OK, what’s the the key colour that we’ll all be racing to add to our wardrobes, come late summer? Sorry, read that as “what’s the key colour consumers will be moaning about, come late summer?”
Yes. Colour. It’s a trend (and sales) driver. But it’s also an enduring fashion industry problem.
The industry has to back key colours and any season (or pre-season) is usually defined by a trio of them, resulting in plenty of “XXX is the new black” headlines. It makes sense as the need to protect margins means few businesses can afford to back their trend pieces with a 10-colour choice. And as far as volume basics are concerned, few can afford to bump up their core colour palette with more than two or three extra ‘fashion’ shades.
But here’s the thing. Consumers hate that. Ms X may pop into a store keen to try out the latest on-trend palette. But Ms Y and Ms Z (as well as Ms A-through-W) want to buy colours that suit them and that go with that blouse/skirt/sweater/trouusers they bought last year.
It’s a juggling act for retailers and brands. One that sometimes goes wrong. I’ll never forget the time, several decades ago, when I walked into one of the large Oxford Street stores. I think it was Richard Shops, which shows just how long ago it was. Anyway, ! saw little but a sea of grey and burgundy. That particular season was a disastrous one for retail and given the lack of colour choice (plus all the moaning I heard from friends about it), I’m not surprised.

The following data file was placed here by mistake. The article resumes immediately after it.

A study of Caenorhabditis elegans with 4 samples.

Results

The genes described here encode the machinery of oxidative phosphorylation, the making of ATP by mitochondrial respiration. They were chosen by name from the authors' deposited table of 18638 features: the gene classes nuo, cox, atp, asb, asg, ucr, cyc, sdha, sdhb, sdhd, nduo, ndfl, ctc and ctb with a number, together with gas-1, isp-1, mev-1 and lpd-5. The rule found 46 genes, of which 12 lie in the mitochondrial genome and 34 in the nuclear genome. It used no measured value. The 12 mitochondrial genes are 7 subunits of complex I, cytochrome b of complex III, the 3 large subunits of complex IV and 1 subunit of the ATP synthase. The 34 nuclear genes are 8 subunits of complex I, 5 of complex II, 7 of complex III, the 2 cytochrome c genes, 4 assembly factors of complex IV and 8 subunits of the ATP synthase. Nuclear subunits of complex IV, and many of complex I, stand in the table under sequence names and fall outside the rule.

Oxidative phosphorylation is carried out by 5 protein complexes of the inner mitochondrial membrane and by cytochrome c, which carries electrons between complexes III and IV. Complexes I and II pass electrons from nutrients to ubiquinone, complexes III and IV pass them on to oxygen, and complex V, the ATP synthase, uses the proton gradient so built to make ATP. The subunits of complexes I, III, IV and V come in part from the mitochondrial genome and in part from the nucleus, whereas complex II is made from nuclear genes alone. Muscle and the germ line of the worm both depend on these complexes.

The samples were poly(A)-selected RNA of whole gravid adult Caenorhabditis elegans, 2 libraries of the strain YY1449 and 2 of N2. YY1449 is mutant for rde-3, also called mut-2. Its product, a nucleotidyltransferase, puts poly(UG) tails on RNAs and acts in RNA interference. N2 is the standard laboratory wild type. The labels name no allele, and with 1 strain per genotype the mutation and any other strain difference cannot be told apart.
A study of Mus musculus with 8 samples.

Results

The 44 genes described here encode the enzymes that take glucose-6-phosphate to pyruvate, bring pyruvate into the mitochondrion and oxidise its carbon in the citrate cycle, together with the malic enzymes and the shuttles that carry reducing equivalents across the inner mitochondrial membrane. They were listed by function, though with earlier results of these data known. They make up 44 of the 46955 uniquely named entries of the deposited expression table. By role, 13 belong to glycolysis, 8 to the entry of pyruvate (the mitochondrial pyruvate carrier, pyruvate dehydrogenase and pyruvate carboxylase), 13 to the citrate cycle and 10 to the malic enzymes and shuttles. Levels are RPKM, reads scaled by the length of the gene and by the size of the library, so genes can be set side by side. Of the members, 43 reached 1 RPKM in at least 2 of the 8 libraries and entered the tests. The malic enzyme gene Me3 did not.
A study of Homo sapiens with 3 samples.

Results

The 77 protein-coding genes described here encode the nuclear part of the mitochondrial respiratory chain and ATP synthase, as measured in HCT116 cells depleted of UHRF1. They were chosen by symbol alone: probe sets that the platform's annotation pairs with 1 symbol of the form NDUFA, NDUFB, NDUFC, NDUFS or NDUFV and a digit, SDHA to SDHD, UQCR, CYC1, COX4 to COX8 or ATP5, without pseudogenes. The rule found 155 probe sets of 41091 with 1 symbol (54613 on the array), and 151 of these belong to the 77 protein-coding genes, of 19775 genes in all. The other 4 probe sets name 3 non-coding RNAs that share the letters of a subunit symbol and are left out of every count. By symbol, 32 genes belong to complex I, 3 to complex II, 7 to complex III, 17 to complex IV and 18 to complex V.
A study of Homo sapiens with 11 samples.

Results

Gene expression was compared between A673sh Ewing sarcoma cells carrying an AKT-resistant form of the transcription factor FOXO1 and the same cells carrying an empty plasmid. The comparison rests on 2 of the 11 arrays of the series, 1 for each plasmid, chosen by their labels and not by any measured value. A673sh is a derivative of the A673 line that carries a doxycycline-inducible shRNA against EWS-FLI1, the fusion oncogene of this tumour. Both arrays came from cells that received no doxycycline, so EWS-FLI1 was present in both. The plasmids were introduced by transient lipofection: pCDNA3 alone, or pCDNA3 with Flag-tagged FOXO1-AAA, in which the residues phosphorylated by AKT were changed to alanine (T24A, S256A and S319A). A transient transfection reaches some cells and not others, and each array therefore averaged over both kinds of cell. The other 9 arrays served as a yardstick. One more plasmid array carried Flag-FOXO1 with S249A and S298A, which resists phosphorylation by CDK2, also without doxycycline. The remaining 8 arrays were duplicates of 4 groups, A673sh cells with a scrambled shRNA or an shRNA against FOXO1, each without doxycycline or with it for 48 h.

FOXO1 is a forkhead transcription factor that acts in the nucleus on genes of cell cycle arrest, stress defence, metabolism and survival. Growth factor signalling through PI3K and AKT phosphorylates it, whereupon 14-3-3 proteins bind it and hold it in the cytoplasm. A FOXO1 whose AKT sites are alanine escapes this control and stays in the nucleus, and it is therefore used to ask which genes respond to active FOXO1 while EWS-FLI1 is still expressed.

Which brings us to pre-fall 17. Yes, it’s back, burgundy, wine, oxblood, not-quite-red, call it what you will, all ready for consumers to moan about come late summer. Or will they? Have designers got it right this time? There appears to be plenty of choice within the burgundy/wine family with designers offering up every nuance from the most intense shades to almost-purples.
Importantly, they’re also thinking outside the wine box. So along with the expected head-to-toe options, we’re getting this particular shade of red mixed in with other on-trend colours. Perhaps the most surprising is khaki. That’s another key pre-season colour direction and used together they make an interesting partnership.
Want to make it a little less offbeat? Burgundy also meets up with a selection of blues, almost-tans, slightly jarring purples, and the full spectrum of the season’s popular pinks from pale sot power shades.
For those not keen to dive head first into an ocean of statement colour, there are ombré effects that also draw in any of the above shades. Or multicolour geometrics, tribal or floral prints with burgundy as, perhaps not just one of the crowd but as the first among equals.
Will it be enough to stop those familiar “why can’t they make it in more colours?” moans. Let’s hope so.